Mage: the Ascension Tarot Reviews
Based on the Mage roleplaying game, the Mage: the Ascension Tarot erases the boundaries between fantasy and reality. The artwork is dully lit - lots of browns and greys - and occasionally unsettling.
Tarot Deck - 78 Cards - White Wolf
See card images from the Mage: the Ascension Tarot
Review by little_crow
I find that this deck is not very practical for many tarot readings, since it was made specifically to use in a role-playing game. (And even states this in the companion book). It was designed ostensibly to give story-tellers an interesting way to come up with new plots and such. This deck stays in my collection rather than being a deck I use normally.
But it's a very interesting deck and I'm glad I found it. I thought that the modern, comic-book like artwork was pretty well done, and having a different artist work on each suit gives an independent identity to the feel of the suits. The images are not restricted by traditional symbolism, and it often offers strange twists on familiar themes that give it character. Most of my other decks use fairly traditional images... it was interesting to see, for example, the hermit wearing a trenchcoat and body jewellery, and shining a flashlight into the sky by a dirty sidewalk.
this deck is not for everyday readings, since its
character is not as neutral and therefore versatile as other
more traditional decks, but it's one of the more
interesting and more unique decks that I own, and therefore is
a welcome addition to my own collection. :)
Review by Caliban
This is a specialty tarot, designed for use within a modern-fantasy roleplaying game. As such, to those unfamiliar with that game, the structure and symbolism of the deck will seem obscure and arbitrary. This deck was never intended for practical divination or spiritual reflection, and while I am familiar with the game and its particulars, I find it ill-suited to either. To nearly everyone with an interest in tarot, this deck would be a curiosity, perhaps valued for its strange and evocative art, but of no real use beyond that.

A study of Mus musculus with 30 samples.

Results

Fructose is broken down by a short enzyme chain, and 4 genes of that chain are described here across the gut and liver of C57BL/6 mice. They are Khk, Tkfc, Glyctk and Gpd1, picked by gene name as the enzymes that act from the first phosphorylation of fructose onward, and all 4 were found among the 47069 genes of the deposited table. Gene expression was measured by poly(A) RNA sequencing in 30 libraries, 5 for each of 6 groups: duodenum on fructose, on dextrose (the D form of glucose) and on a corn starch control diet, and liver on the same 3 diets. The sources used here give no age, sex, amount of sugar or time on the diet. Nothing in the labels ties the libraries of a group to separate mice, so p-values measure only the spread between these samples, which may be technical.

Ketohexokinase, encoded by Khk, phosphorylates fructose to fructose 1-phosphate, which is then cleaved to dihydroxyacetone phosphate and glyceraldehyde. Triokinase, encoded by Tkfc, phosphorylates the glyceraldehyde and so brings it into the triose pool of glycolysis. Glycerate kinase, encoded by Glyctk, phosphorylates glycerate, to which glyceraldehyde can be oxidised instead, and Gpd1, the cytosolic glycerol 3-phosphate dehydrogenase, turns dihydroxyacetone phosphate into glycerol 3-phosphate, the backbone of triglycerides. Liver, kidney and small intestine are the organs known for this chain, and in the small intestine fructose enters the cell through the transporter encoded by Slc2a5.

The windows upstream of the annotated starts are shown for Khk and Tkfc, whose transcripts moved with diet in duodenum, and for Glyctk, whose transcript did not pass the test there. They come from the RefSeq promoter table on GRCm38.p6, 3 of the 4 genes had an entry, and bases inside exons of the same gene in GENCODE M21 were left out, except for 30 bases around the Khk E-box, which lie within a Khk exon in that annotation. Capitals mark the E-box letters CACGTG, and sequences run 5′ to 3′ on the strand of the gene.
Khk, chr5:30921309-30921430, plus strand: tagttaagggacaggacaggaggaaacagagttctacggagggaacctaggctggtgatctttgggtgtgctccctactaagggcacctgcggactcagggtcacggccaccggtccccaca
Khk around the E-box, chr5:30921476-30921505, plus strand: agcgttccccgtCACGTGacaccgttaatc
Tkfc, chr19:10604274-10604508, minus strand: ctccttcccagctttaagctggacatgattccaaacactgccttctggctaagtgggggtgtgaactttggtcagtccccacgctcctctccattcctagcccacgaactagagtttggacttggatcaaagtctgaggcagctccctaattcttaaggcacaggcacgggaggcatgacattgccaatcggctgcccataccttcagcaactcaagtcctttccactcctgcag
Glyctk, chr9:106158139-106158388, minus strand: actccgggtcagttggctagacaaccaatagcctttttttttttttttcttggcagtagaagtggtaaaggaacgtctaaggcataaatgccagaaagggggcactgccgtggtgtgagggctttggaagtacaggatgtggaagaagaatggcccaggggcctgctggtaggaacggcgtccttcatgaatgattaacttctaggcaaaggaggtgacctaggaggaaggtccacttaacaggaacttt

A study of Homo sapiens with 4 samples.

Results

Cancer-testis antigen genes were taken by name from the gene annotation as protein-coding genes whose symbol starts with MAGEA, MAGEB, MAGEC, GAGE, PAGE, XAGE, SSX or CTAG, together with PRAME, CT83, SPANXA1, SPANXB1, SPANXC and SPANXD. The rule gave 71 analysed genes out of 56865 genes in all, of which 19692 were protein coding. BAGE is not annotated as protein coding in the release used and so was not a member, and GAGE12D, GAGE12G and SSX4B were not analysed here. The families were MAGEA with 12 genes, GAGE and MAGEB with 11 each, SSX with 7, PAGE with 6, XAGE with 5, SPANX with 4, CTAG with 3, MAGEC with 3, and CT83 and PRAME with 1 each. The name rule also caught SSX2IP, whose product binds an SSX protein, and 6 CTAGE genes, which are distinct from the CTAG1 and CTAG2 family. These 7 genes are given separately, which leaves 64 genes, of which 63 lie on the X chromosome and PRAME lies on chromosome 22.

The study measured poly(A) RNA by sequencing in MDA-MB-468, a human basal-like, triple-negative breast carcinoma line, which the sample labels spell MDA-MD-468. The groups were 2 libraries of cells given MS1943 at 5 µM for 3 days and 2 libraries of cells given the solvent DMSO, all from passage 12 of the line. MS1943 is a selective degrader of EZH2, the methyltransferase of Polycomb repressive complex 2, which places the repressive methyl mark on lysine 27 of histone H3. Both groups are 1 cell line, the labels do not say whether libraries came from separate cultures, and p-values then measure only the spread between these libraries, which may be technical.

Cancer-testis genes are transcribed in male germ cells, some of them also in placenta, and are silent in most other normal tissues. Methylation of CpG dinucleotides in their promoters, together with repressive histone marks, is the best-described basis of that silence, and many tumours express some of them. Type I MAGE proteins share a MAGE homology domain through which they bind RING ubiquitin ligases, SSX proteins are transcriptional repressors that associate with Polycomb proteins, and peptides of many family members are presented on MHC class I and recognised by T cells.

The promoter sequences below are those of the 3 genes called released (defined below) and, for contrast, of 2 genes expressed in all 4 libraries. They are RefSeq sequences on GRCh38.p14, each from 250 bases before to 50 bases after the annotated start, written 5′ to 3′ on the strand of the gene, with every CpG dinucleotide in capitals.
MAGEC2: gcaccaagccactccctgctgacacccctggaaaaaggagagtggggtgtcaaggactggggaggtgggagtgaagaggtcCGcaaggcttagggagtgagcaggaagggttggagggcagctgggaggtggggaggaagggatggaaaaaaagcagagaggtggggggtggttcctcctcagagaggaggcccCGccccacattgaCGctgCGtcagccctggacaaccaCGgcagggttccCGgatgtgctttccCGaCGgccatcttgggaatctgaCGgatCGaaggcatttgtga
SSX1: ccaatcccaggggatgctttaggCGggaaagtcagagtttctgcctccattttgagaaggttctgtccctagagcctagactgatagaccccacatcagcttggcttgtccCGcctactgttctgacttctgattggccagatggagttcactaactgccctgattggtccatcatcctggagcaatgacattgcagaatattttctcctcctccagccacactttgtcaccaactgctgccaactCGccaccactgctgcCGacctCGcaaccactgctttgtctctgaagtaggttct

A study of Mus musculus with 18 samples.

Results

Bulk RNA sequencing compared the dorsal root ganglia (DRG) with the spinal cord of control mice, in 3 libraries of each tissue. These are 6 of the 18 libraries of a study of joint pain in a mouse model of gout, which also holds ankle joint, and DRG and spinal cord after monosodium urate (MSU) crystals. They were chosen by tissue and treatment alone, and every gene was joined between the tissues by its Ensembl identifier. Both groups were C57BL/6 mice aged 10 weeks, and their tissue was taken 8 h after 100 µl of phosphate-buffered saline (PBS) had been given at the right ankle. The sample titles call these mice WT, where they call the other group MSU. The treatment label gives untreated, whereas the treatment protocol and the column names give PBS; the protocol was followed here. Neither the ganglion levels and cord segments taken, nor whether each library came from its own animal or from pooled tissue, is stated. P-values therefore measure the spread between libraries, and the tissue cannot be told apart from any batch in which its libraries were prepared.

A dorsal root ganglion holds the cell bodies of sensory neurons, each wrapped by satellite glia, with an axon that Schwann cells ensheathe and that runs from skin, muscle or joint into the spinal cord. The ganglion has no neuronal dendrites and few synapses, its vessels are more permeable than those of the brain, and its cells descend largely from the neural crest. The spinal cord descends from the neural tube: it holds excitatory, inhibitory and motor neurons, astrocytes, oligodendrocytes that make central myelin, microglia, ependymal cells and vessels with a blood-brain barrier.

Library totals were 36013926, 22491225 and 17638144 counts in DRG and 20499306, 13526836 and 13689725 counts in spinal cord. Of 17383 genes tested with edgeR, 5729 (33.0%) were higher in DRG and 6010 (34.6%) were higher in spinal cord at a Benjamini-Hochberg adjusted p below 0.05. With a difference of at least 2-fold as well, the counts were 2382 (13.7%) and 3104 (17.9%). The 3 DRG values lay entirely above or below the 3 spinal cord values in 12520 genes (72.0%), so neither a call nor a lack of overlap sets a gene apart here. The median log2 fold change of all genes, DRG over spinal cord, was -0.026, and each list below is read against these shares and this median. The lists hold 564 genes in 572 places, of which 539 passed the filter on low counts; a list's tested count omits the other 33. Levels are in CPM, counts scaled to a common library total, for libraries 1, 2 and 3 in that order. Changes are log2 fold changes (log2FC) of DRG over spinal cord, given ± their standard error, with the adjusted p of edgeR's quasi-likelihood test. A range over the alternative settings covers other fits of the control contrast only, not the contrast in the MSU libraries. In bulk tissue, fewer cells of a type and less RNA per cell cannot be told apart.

However, to players of role-playing games, particularly within the setting from which it was derived, this deck can fill many roles. These uses as a game supplement are discussed in the accompanying booklet, and are helpful as far as they go. The oddity I have observed with this deck is that while it is useless for readings regarding the "real world", it is uncannily accurate in readings for or regarding the fictional characters in a current roleplaying scenario. Since the game concerned relies upon multiple people jointly creating an ongoing story through improvisation, it is hard to predict where events will take characters in future game sessions. However, the Mage: the Ascension Tarot seems to have a knack for it.
I had the
great pleasure of meeting (and reading tarot for) Nicky
Rea and Jackie Cassada several years ago, and we
discussed this deck. I brought up this peculiarity and they
jointly finished my sentence. They had heard the same
thing, often, from other tarot readers using the deck in
their game sessions. An interesting result, and one that
makes this deck truly unlike any other.